Royal Mail shares climbed further today to value the company at almost £1.5 billion over its initial flotation price.
Shares in the letter and parcel delivery firm hit a high of 475.3p in early trading - valuing the company at almost £4.8 billion, compared with its £3.3 billion initial valuation on Friday.
They settled back to 462p, a gain of about 1.5% on Friday's 455p close, as demand for the newly-privatised company shows no sign of easing.
At that level more than 700,000 small investors who bought stakes for an initial £750 will be sitting on a paper profit of about £300, assuming they did not cash them in on Friday. And around 150,000 postal workers hold stakes worth more than £3,080 - although they cannot sell them for three years.
Shares in the company have now risen 40% above the 330p price the Government valued them at - stoking accusations the company was sold too cheaply.
The flotation was described by Labour leader Ed Miliband as a "fire sale of a great institution at a knock-down price".
Full dealing in the company's shares will begin tomorrow, when all investors can buy and sell shares in Royal Mail. C onditional dealing started on Friday for investors who applied for shares through brokers.
That will be followed on Wednesday by the result of a strike ballot by postal workers in the Communication Workers Union over issues linked to privatisation.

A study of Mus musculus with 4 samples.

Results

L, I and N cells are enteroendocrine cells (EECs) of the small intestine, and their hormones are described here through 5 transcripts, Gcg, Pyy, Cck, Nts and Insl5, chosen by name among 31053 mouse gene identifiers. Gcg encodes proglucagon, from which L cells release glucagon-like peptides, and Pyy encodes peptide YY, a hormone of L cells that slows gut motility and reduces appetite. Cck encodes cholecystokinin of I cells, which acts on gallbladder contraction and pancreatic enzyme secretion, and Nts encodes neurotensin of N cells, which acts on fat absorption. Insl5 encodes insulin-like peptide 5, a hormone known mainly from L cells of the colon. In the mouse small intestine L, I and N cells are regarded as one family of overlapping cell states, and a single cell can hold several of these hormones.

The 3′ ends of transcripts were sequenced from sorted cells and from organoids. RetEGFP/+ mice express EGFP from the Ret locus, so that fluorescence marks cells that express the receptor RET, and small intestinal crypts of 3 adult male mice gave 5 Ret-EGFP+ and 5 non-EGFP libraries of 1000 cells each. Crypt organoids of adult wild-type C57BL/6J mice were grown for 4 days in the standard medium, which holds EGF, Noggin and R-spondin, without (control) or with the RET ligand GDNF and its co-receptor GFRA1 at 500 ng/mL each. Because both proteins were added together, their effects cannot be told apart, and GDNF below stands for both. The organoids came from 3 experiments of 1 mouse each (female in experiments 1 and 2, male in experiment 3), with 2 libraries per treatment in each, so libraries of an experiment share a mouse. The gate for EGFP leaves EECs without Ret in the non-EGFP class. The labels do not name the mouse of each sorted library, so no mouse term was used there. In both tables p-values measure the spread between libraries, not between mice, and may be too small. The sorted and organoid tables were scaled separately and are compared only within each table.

CWU members are expected to back industrial action, with any strike set to be held on or after October 23 - the run-up to the busy Christmas period.
Demand remained rampant today, with about 16 million shares changing hands, following Friday's frenzy when more than 100 million shares were traded in the first hour.
Stockbroker Hargreaves Lansdown said it has been "very busy" again today, after demand on Friday crashed its website and left phone lines jammed.
A spokesman for the Bristol-based broker said it is "controlling throughput" to its website - leaving some investors unable to trade online. But he said waiting times on its phone lines are down to less than a minute.
"If they cannot get through on the website they will be able to get through on the phones," he said.
Investors have been lured by the promise of healthy payouts, with Royal Mail shares expected to offer a dividend yield of around 4.3% based on today's price.